November 23, 2011 | by Phil Reese
National news in brief: November 25

Texas Board of Education official comes out

DALLAS — Heading off an apparent ‘whisper campaign’ about his sexual orientation, a Republican Texas state Board of Education member seeking re-election has come out on his own, according to the Dallas Voice.

George Clayton, an academic coordinator at North Dallas High School, is seeking re-election to his position as Board of Education member from Richmond. Clayton sent an email to several news outlets last week in response to what Clayton called “the tyranny of misinformation and innuendo.” Clayton seized the seat in a 2010 Republican primary victory from long-time incumbent Geraldine “Tincy” Miller, who is seeking to reclaim the spot in 2012.

Coming out makes Clayton the first known openly gay elected Republican in Texas.

“It has come to my attention that one of my opponents in my bid for reelection to the State Board of Education and certain member(s) of the Golden Corridor Republican Women’s Club are questioning my sexual orientation,” Clayton said in his email.

“I wish to say that I, in fact, do have a male partner who lives with me in my home in Richardson, Texas. I hope this frank announcement satisfies Tincy Miller and the ladies associated with the Golden Corridor organization.”

New effort to end Calif. LGBT curriculum law

SACRAMENTO — Opponents of a new California law mandating the inclusion of historical figures from the LGBT and disabled communities in school curriculum have filed paperwork to begin collecting signatures supporting a ballot measure to gut the law, despite failing at an earlier attempt to collect enough signatures to place a referendum on the 2011 ballot.

The opponents are now seeking to convince 2012 voters to strip the LGBT language from the law, leaving the rest intact, according to Equality California.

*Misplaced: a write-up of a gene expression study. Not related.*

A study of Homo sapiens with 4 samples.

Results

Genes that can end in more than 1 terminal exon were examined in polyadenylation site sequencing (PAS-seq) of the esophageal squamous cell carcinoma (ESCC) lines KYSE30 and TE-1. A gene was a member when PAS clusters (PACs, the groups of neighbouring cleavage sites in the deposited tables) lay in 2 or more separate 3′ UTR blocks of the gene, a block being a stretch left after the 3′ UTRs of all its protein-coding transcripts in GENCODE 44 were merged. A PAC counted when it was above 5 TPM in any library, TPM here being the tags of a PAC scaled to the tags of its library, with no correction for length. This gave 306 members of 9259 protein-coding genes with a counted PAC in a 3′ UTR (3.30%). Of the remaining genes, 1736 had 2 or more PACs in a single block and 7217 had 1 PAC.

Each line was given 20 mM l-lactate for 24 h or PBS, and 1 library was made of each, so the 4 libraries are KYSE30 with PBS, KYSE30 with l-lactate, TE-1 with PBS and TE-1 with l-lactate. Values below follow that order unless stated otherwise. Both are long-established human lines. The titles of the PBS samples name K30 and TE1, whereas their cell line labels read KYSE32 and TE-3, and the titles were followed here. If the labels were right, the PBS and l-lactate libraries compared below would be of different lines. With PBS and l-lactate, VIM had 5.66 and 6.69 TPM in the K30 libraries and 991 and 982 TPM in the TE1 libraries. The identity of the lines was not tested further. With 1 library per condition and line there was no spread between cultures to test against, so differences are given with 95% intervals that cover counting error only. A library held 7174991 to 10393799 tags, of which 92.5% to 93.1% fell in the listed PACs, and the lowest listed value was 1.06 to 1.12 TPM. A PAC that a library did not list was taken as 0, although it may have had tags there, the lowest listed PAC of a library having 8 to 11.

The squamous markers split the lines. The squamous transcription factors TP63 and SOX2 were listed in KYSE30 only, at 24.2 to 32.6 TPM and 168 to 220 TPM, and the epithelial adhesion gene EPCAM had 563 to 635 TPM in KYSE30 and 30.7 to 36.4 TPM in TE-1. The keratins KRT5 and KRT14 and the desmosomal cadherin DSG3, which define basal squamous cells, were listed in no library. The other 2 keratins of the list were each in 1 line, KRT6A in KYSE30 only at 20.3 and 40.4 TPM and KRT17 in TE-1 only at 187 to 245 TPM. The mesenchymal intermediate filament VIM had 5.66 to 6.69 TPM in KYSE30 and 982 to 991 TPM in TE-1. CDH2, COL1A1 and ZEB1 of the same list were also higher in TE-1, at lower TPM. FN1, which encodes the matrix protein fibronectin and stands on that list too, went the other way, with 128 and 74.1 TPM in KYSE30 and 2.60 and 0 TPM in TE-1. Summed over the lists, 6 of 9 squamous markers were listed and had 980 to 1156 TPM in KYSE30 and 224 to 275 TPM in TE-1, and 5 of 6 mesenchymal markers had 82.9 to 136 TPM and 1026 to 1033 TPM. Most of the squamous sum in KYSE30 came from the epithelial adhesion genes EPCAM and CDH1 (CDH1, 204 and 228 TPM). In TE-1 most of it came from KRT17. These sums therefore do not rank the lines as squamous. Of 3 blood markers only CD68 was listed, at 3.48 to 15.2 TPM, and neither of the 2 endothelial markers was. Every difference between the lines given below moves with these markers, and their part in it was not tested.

“This initiative seeks to distort the history taught in California schools and present students with a censored, inaccurate view of our nation, which our coalition will not let stand,” James Gilliam, deputy executive director of the American Civil Liberties Union of Southern California, said in a statement last week.

N.C. Baptist church refuses to perform weddings

RALEIGH, N.C. — Breaking with other Baptist churches, the congregation at Pullen Memorial Baptist Church has voted to cease performing marriages in the church until same-sex unions are legal.

The congregation — led by lesbian pastor Nancy Petty — voted unanimously to prohibit the church’s pastor from performing legal marriage ceremonies for any couples unless the state ban on same-sex marriage is lifted, according to the website of the Raleigh-based publication, The News & Observer. The congregation also released a statement denouncing the proposed amendment to the North Carolina Constitution banning same-sex marriage in that state.

Language has qualified for the November 2012 ballot in North Carolina that would ban marriage rights and civil unions for same-sex couples in that state. Same-sex marriage is already barred in North Carolina state law.

The pastor will still be able to bless “holy unions,” which are open to all couples, but Petty is barred from signing marriage licenses required by the state to establish a legal marriage.

Russia cracks down on LGBT advocacy

ST. PETERSBURG, Russia — The New York Times is reporting that members of the Russian LGBT community are fearful that a crackdown on LGBT visibility in the nation is intensifying after one of Russia’s largest cities approved a ban on “propaganda of homosexuality.”

St. Petersburg, Russia’s second largest city, has followed two smaller, remote Russian cities in approving a ban on “public actions aimed at propagandizing sodomy, lesbianism, bisexuality, transgenderism among minors.” According to the Times piece, “at least one prominent Russian singer has already expressed concern that the law may affect his and other artists’ ability to perform in front of audiences and to market their records.”

In a bizarre moment during the debate, a city councilor proposed banning all rainbows.

“On St. Petersburg day we had posters all over the city with portraits of Peter the Great and a brightly colored rainbow under it,” she ranted, according to the Times. “How can there be a rainbow, which is the international gay symbol? And we have day-care centers called Rainbow and drug stores called Rainbow all over the city! … We are going to die out soon.”